When It Comes to Improving Thinking and Memory, Advancing Age is Not an Excuse

A common reason long-time smokers give for not quitting is that the damage to their health has already been done and that giving up cigarettes now won’t make a difference. Of course that’s not true. Plenty of research shows that your cardiovascular health starts to improve on the same day you kick the habit.

But that logic permeates many medical issues, such as preserving brain health and reversing years of unhealthy behaviors. Because many people accept as true the idea that memory loss and fuzzy thinking are inevitable components of aging, they ignore the opportunity to improve brain function.

Psychologist Ana-Maria Vranceanu, PhD, founder and director of the Integrated Brain Health Clinic and Research Program at Massachusetts General Hospital, wants you to know that maintaining mental fit-ness is a lifelong task.

“We can improve our brain health at any age by increasing our capacity for neurogenesis or the production of new neurons,” she says.

Nurturing Neurogenesis

Neurons are cells that transmit and receive nerve impulses. There is some debate in scientific circles about the degree to which an older brain can make new neurons. Studies in recent years have presented findings that neurogenesis continues throughout a person’s life, while other research suggests that neurogenesis stops in infancy. The latter theory was widely accepted until the 1990s, when scientists discov-ered evidence of neurogenesis in the adult brain’s hippocampus—a part of the brain that plays a key role in memory.

WHAT YOU CAN DO

Keep a daily food journal for a month and examine your food and beverage intake. Look for ways you can swap unhealthy saturated fats for healthier unsaturated fats, for example, and cut down on things like added sugars, alcohol, and other high-calorie, nutrient-poor items.

Exercise for at least 150 minutes a week, but try to build some physical activity into your schedule every day. Your exercise regimen should include aerobic, muscle-building, balance, and flexibility exercises.

Quit smoking. Talk with your doctor about products and therapies that can help, rather than trying to quit by yourself.

Keep up to date with health screenings, annual physicals, and blood work. Work with your doctor to control your weight, blood pressure, cholesterol, and blood sugar levels.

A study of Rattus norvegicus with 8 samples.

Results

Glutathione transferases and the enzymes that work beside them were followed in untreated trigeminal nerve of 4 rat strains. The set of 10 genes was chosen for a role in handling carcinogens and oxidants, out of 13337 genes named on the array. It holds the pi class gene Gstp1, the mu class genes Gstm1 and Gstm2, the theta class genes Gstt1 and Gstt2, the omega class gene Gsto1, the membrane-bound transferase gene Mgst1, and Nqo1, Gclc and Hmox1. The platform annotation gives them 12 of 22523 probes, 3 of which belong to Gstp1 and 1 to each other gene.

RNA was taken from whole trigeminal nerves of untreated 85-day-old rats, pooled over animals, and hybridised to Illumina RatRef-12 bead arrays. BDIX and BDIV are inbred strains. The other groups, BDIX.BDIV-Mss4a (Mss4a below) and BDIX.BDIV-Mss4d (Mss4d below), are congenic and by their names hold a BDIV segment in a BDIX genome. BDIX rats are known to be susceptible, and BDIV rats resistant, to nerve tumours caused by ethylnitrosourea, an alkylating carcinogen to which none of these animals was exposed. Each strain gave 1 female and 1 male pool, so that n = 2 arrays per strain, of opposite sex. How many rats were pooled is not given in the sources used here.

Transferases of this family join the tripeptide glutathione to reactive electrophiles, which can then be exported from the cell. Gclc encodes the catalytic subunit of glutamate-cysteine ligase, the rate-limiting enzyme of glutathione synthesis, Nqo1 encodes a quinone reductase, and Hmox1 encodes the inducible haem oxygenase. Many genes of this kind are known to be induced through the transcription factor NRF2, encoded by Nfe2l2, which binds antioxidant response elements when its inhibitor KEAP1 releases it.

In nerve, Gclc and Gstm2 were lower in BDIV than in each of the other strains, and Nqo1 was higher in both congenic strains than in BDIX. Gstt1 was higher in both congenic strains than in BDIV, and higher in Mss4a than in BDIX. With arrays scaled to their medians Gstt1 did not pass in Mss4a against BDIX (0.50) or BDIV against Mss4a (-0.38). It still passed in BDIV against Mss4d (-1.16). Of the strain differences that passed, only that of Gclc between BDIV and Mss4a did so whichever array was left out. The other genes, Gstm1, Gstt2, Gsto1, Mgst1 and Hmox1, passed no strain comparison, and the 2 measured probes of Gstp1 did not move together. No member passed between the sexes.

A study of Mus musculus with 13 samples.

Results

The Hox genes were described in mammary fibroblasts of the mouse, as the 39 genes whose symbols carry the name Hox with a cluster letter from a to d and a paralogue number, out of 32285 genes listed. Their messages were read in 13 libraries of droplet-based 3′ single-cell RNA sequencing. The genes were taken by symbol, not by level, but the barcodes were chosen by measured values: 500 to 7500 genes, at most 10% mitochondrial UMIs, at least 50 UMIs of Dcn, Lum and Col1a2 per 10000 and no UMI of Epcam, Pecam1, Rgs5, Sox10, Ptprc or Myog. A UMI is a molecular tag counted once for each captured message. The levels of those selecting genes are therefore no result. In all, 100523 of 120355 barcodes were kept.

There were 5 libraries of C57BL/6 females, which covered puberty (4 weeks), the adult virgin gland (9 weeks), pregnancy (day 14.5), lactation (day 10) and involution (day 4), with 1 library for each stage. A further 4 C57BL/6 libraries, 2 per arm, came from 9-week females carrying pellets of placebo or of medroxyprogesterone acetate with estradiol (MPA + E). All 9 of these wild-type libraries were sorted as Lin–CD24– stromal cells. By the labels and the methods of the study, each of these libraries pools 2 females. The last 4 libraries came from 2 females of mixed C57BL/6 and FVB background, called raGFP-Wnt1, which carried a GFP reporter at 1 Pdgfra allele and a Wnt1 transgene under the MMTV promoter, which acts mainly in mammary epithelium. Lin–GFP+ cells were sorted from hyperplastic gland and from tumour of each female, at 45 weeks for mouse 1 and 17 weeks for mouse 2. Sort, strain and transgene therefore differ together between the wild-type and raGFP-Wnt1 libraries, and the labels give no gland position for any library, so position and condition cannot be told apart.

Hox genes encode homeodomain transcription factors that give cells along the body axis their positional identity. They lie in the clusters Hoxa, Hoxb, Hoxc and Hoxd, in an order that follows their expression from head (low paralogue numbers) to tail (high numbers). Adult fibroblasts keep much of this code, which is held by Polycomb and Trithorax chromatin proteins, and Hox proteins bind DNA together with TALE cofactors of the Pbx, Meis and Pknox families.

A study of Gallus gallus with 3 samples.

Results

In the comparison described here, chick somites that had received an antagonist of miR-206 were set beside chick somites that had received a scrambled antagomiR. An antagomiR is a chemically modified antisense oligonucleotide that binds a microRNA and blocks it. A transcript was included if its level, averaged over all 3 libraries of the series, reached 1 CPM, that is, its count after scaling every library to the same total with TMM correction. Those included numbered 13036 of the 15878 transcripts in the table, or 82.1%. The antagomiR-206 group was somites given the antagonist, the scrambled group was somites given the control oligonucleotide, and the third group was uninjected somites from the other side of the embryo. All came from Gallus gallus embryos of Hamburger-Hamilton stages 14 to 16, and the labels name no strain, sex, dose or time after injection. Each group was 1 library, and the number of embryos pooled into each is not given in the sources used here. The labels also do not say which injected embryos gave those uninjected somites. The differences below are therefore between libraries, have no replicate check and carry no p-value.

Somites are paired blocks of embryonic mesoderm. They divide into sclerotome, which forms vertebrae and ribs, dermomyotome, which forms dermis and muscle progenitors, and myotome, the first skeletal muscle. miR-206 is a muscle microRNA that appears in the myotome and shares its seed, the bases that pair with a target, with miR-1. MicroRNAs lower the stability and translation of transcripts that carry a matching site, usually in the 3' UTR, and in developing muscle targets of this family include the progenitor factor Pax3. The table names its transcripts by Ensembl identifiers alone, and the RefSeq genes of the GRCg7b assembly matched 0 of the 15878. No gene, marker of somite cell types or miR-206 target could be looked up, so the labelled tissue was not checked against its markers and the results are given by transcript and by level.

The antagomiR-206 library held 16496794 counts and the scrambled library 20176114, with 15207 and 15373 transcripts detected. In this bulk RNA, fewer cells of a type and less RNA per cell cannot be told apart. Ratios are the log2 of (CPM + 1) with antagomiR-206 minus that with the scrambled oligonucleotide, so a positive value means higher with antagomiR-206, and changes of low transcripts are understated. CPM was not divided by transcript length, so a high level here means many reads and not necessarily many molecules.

Dr. Vranceanu and others believe that neurogenesis is an ongoing process that can be aided by a healthy lifestyle. Likewise, many researchers believe that unhealthy behaviors, such as a sedentary lifestyle and a high-calorie diet loaded with fat and sugar, may inhibit neuron production.

“The health of the brain is a result of all the positive and negative impacts we’ve encoun-tered over the course of our lives,” she explains. “The negative aspects include poor health, physical injury like a concussion, and simply following a poor diet and not exercising. So it’s never too early to start to heal the brain, and it’s never too late. Some damage can be repaired if you start to take care of your brain through lifestyle changes, no matter the age.”

Making Changes

If the brain’s neuron factory never really shuts down, then it’s worth it to adopt behaviors that will be most conducive for robust brain health. Dr. Vranceanu acknowledges that bad habits are hard to break, and turning healthy lifestyle behaviors into new habits is not easy.

“We encourage our patients to use adaptive thinking techniques,” she says. “Statements like, ‘it’s too late,’ are not adaptive because they don’t help us to become more motivated to make changes. In fact, they fall under what we would call ‘all-or-nothing thinking,’ which can make us feel discouraged and stop us from leading the healthiest life possible.”

For example, you may want to exercise for an hour a day, but you have days in which your workouts are more like 30 minutes each. That’s okay. Dr Vranceanu and most health experts would tell you that 30 minutes of physical activity is far better than zero minutes. On days when you can exercise longer, then do so.

“Wherever individual patients are with their lifestyle behaviors, we encourage them to begin making small changes,” Dr. Vranceanu says. “As they get some success under their belts, the small changes can snowball into bigger and bigger accomplishments. It is never too late to start taking care of your brain.”